Boeing yesterday completed structural mode interaction (SMI) testing of its X-32B concept demonstrator, moving a step closer to first flight.
The X-32B, which is expected to fly during the first quarter of 2001, will validate the Boeing direct-lift approach to short take-off vertical landing (STOVL) flight -- one of three customer requirements in the Concept Demonstration Phase of the program.
"Completion of the SMI tests is another positive step as we continue to validate our design," said Katy Fleming, Boeing JSF system test director. "We're making great progress; these tests reduce risk and help confirm that we are ready to begin a safe and productive X-32B flight-test program."
During SMI testing, the aircraft's flight control surfaces are moved at varying frequencies. This evaluation ensures special filters added to the flight control system are functioning properly to prevent vibration in other aircraft components. Fleming said the tests were successful and no anomalies were found.
Conventional takeoff and landing (CTOL) SMI test points were completed last month with similar positive results. In late September, Boeing completed the first phase of STOVL engine runs in the X-32B aircraft. High power conventional and STOVL engine runs are expected to begin later this month.
"To date, X-32B system performance is meeting all predictions and models, and we are demonstrating the high commonality between our X-32A CTOL-and-carrier- variant (CV) aircraft and the STOVL aircraft," said Frank Statkus, Boeing vice president and JSF general manager.
The company's X-32A demonstrator, which made its first flight Sept. 18, completed government-required CV tests at Edwards Air Force Base, Calif., Dec. 2.
Boeing has 30 years of experience with direct lift -- the only proven approach to STOVL flight. Boeing is leveraging that experience, and incorporating significant system improvements, to ensure the services receive a "third-generation" STOVL solution that is more reliable, affordable and easier to fly than any STOVL aircraft operating today.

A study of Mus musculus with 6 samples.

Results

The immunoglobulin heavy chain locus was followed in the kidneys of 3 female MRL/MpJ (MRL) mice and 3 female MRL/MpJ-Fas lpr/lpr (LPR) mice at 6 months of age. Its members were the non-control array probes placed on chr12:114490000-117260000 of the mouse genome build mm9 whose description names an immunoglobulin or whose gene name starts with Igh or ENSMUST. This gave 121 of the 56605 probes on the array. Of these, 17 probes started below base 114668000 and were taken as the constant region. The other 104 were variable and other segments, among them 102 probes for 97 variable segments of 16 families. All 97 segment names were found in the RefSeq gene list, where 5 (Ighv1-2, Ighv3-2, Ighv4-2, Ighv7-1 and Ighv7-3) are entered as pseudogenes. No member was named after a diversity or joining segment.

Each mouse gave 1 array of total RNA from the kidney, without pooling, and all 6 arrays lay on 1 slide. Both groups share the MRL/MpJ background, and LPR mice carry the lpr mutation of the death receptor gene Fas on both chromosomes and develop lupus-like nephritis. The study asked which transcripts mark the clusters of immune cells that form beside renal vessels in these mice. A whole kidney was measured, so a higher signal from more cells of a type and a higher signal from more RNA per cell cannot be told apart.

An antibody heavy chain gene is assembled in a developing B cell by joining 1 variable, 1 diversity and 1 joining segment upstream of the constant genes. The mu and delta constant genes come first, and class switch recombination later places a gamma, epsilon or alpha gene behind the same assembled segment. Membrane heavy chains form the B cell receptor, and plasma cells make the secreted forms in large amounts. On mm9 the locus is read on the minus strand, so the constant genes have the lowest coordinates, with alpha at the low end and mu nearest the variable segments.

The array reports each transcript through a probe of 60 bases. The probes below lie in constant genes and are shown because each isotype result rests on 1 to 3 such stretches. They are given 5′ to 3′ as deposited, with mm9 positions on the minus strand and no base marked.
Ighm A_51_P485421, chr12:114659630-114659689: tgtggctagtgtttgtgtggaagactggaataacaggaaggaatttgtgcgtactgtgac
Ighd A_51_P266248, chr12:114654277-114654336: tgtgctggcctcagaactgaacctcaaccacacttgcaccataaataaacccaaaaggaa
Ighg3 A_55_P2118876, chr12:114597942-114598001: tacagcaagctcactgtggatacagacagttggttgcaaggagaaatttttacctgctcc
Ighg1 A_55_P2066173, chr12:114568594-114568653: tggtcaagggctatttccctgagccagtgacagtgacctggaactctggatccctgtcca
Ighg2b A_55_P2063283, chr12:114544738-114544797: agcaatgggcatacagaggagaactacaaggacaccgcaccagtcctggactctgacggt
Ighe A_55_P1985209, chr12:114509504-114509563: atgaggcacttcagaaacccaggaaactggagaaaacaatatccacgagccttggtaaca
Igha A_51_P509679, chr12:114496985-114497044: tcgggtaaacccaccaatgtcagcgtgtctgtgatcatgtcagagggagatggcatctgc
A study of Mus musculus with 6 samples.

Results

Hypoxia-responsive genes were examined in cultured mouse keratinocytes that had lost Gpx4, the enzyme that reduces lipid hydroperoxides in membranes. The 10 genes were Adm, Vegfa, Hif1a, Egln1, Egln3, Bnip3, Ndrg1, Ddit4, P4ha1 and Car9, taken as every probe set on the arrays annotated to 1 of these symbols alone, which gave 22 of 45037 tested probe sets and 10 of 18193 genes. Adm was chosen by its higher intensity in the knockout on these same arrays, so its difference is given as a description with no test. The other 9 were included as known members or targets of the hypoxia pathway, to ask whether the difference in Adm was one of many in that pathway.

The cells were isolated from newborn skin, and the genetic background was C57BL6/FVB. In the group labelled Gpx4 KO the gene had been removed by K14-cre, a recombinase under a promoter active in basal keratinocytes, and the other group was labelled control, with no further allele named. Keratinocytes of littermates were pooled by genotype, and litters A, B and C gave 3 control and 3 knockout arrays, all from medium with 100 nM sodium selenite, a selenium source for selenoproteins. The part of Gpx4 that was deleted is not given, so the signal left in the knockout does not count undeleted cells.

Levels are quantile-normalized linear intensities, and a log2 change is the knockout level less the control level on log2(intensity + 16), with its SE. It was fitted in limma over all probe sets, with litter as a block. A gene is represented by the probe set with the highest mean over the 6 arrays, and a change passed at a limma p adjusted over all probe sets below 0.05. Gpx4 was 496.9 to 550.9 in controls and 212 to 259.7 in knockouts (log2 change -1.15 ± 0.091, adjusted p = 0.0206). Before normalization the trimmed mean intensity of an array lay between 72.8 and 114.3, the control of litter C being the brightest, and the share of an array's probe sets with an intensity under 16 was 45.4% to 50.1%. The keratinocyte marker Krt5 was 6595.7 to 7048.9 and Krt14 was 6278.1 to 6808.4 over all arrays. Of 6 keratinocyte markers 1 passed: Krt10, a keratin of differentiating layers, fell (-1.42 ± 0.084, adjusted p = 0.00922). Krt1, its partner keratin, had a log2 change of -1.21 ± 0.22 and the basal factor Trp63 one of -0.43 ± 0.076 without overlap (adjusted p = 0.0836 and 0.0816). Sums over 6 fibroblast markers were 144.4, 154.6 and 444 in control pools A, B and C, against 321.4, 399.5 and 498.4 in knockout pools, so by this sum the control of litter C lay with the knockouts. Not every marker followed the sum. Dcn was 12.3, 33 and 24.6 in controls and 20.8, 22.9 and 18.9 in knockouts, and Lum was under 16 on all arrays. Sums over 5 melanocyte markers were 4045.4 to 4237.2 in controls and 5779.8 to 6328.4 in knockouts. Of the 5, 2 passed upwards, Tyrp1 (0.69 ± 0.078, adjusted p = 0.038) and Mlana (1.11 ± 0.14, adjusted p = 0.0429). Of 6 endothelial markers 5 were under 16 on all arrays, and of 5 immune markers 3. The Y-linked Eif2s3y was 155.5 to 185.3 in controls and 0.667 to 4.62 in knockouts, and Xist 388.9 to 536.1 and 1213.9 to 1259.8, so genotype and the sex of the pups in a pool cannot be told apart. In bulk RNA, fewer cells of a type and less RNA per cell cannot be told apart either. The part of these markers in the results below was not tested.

"We're improving, not inventing," Statkus said. "Not only is direct lift the only combat-proven system, but our solution also is the simplest, safest and most efficient approach to STOVL flight."
To perform STOVL maneuvers, the system redirects engine thrust downward through lift nozzles in the airframe. For conventional flight the lift nozzles are closed so thrust flows rearward through a cruise nozzle to propel the aircraft forward and up to supersonic speeds.
In more than 500 trials on the STOVL run stand, transition times between conventional and vertical thrust have been accomplished repeatedly in one to three seconds, which is critically important for unrestricted STOVL operations and aircraft safety. Integration of the attitude-control system with the direct-lift system has been virtually flawless.
The U.S. Marine Corps and U.K. Royal Air Force and Navy are expected to be the primary STOVL Joint Strike Fighter users.
Boeing, the world's largest producer of fighter aircraft, is competing to build the JSF under a four-year concept demonstration phase contract with the U.S. Air Force, Navy and Marine Corps and the British Royal Air Force and Navy. A competition winner is scheduled to be selected in 2001.